Dominica is highly regarded as a diving destination and has been featured in most diving magazines as ‘undiscovered’. Features include wall dives, drop-offs, reefs, hot, freshwater springs under the sea, sponges, black coral, pinnacles and wrecks, all in unpolluted water. Due to steep drops the sediment falls away and visibility is excellent, at up to 30 m depending on the weather. Many drop-offs are close to the beaches but access is poor & boats are essential.
There is a marine park conservation area in Toucari Bay and part of Douglas Bay, north of the Cabrits, but the most popular scuba sites are south of Roseau, at Pointe Guignard, Soufrière Bay and Scotts Head. An unusual site is Champagne, with underwater hot springs where you swim through bubbles, fascinating for a night dive, also good for snorkelling, lots of life here. This area in the southeast, Soufrière-Scotts Head, is now a marine park without moorings so that all diving is drift diving and boats pick up divers where they surface. Areas may be designated for diving and other areas for fishing. Along the south and southeast coast there are more dive sites but because of the Atlantic currents these are for experienced, adventurous divers only. Note that the taking of conch, coral, lobster, sponge, turtle eggs et cetera is forbidden and you may not put down anchor in coral and on reefs; use the designated moorings. Snorkelling is good in the same general areas as diving, including Douglas Bay and the Scott’s Head/Soufrière Bay Marine Reserve.
Whale watching is extremely popular, although the success rate is relatively low. The World Wildlife Fund and many marine conservation groups have used Dominica as a base for documentaries and conferences, so much is known about the local population. It appears that female whales and their calves are in the Caribbean waters for much of the year, with only the mature males leaving the area to feed for any length of time. If your trip is successful, you could be treated to the sight of mothers and their young swimming close to the boat, or young males making enormous jumps before diving below the waves.
Dolphin are abundant too, particularly in the Soufrière Bay area and even if you miss the whales your boat is accompanied by a school of playful dolphin. Several different types of whales have been spotted not far from the west shore where the deep, calm waters are ideal for these mammals. Sperm whales are regularly seen, especially during the winter months, as are large numbers of spinner and spotted dolphins. You can also sometimes see pilot whales, pseudorcas, pygmy sperm whales, bottlenose dolphins, Risso’s dolphins and melon-headed whales. Whale watching trips can be arranged with the Anchorage Hotel (Thursday, Sunday 1400-1800), Dive Dominica (Wednesday, Sunday 1400), Rainbow Sportfishing or Game Fishing Dominica and cost US$40-50 per person.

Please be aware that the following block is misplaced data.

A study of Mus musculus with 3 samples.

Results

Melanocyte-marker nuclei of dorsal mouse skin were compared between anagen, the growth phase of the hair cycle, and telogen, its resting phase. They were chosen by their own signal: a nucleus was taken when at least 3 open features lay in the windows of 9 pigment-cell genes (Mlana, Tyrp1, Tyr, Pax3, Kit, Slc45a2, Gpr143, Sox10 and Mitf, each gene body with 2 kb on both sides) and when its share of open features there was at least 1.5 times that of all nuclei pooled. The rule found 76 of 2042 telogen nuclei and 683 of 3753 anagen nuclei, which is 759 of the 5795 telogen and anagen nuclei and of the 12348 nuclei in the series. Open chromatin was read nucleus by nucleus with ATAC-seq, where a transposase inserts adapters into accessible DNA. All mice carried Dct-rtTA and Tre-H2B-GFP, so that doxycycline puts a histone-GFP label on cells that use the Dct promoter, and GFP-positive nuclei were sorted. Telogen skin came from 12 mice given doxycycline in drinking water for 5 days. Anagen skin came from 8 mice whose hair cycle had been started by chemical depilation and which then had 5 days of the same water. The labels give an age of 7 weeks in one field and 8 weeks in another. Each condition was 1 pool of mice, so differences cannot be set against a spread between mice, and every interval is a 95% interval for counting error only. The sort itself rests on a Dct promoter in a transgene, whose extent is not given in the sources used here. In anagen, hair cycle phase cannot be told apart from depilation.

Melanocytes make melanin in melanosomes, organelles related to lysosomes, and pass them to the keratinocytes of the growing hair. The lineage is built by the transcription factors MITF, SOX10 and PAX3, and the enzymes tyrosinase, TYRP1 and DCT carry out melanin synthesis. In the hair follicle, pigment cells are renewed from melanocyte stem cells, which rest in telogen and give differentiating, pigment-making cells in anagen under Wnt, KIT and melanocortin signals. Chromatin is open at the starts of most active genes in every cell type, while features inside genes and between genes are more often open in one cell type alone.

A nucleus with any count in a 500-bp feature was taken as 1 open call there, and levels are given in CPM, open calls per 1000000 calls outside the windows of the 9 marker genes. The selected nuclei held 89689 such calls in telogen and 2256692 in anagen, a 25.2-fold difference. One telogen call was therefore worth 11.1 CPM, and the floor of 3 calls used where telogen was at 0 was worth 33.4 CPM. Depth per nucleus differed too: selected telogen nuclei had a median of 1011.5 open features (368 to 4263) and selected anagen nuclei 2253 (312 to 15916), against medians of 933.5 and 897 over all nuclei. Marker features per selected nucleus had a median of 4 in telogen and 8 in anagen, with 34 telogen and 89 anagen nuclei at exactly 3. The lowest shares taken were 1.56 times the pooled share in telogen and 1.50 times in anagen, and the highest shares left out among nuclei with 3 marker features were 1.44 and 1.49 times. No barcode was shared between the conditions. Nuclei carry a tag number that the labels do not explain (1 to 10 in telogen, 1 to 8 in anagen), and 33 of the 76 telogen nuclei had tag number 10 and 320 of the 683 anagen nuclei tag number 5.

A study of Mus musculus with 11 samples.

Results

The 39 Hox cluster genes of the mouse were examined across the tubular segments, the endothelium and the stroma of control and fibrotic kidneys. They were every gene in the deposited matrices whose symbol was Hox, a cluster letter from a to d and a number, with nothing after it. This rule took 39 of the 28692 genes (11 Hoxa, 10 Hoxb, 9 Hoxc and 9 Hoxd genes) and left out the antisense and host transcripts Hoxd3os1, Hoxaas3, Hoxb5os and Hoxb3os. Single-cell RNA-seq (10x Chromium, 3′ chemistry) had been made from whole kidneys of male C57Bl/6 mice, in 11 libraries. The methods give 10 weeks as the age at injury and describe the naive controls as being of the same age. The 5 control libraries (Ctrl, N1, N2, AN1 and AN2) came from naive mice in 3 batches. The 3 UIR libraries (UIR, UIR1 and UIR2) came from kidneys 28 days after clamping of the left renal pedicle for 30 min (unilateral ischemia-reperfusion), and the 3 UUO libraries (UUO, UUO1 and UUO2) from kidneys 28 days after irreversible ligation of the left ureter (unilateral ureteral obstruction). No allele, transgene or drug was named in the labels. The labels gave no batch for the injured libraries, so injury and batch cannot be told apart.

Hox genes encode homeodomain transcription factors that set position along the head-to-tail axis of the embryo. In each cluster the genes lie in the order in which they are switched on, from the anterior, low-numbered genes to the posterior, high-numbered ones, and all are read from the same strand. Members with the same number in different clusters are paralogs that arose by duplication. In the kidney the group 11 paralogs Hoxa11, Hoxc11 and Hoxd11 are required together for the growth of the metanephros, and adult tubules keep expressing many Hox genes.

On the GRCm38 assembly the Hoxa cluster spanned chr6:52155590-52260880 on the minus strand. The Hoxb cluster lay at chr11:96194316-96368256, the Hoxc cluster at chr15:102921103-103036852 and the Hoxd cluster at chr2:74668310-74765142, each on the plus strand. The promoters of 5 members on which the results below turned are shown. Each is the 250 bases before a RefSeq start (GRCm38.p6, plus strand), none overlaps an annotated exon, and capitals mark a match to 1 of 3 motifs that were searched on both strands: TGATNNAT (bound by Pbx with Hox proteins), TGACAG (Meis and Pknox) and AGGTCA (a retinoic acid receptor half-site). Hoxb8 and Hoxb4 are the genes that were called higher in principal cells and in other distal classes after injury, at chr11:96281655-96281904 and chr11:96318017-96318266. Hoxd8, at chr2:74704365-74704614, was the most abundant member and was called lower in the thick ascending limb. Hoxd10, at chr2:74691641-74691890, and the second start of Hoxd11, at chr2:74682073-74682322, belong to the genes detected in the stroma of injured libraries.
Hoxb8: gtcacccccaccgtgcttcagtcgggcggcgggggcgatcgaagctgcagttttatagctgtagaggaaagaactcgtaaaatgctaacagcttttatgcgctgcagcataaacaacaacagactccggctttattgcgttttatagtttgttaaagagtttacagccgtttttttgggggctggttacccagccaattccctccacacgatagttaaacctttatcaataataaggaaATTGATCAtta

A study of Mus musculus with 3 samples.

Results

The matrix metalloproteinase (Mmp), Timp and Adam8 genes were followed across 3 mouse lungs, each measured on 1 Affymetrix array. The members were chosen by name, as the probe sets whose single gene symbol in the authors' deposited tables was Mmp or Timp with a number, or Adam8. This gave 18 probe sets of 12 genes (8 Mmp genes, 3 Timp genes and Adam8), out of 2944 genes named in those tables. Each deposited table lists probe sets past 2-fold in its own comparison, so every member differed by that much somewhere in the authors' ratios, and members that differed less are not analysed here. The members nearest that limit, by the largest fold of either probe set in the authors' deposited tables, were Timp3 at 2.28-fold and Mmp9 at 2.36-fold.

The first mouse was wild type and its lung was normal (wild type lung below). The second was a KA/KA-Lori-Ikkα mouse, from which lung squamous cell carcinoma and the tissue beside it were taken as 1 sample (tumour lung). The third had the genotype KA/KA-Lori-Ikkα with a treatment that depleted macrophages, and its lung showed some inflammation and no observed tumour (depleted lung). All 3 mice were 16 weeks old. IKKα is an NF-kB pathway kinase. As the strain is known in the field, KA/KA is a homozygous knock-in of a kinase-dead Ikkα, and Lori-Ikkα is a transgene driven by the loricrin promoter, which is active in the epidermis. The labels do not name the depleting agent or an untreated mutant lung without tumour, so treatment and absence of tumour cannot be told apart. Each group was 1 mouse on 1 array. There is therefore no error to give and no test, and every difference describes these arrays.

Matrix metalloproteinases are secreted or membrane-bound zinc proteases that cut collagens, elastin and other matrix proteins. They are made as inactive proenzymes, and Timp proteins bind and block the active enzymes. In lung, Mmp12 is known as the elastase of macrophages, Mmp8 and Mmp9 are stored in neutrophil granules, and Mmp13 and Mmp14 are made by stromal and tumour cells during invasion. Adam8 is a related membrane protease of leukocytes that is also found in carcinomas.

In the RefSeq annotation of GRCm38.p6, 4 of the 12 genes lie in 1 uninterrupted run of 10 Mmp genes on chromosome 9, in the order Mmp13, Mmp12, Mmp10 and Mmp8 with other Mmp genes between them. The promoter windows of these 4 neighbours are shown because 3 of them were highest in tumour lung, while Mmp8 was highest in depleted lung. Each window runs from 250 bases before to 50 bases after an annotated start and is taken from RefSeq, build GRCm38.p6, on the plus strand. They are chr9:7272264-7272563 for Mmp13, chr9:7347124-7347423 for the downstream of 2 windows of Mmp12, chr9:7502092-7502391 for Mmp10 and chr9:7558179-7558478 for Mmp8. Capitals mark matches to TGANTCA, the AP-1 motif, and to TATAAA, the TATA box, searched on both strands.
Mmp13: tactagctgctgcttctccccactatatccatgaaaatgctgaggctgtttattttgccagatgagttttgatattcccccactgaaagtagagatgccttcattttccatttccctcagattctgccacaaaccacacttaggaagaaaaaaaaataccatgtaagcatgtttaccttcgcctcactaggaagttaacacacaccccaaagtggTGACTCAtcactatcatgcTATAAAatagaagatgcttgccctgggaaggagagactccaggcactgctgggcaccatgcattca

Scuba diving is permitted only through one of the island’s registered dive operators or with written permission from the Fisheries Division. Single-tank dives are from US$42 and two-tank dives are from US$63. Snorkelling trips are around US$26, particularly recommended for the Champagne area. Dive Dominica Ltd, at the Castle Comfort Lodge (PO Box 2253, Roseau, T4482188, F4486088, www.divedominica.com), offers full diving and accommodation packages, courses, single or multiple day dives, night dives and equipment rental. Owned by Derek Perryman, this company is one of the most friendly and experienced operations, recommended for its professional service.
Anchorage Dive Centre (T4482638, F4485680, anch...@cwdom.dm, US$65 two-tank dive includes weights and belt) is based at the Anchorage Hotel, Castle Comfort, with a sister operation at the Portsmouth Beach Hotel. This is another long established operation with a good reputation, owned by Andrew Armour.
Other dive companies are Dive Castaways at the Castaways Beach Hotel (T4496244, F4496246), US$40 one dive, US$65 for two-tank dive, which covers the northern dive sites; Cabrits Dive Centre, who operate from Picard Estate, Portsmouth, T4453010, F4453011, cabr...@cwdom.dm A PADI five-star dive centre diving and snorkelling in the less-visited north of the island; East Carib Dive at Salisbury (T4996575, F4496603) is based at the Lauro Club, contact Gunther Glatz; and Nature Island Dive at Soufrière (T4498181, F4498182, also kayaking and mountain biking), run by a team of divers from around the world, courses on the bayside recommended. A two-tank dive is US$70, snorkelling trip US$26, equipment rental US$16. Ask them about accommodation and dive packages, they have a bayside wooden cottage on stilts with porch for up to four divers, Gallette. Due to open soon is Anse-à-Liane Lodge & Dive Centre at Colihaut, T4466652, F4466651, offering PADI and BSAC courses, accommodation, restaurant and excursions.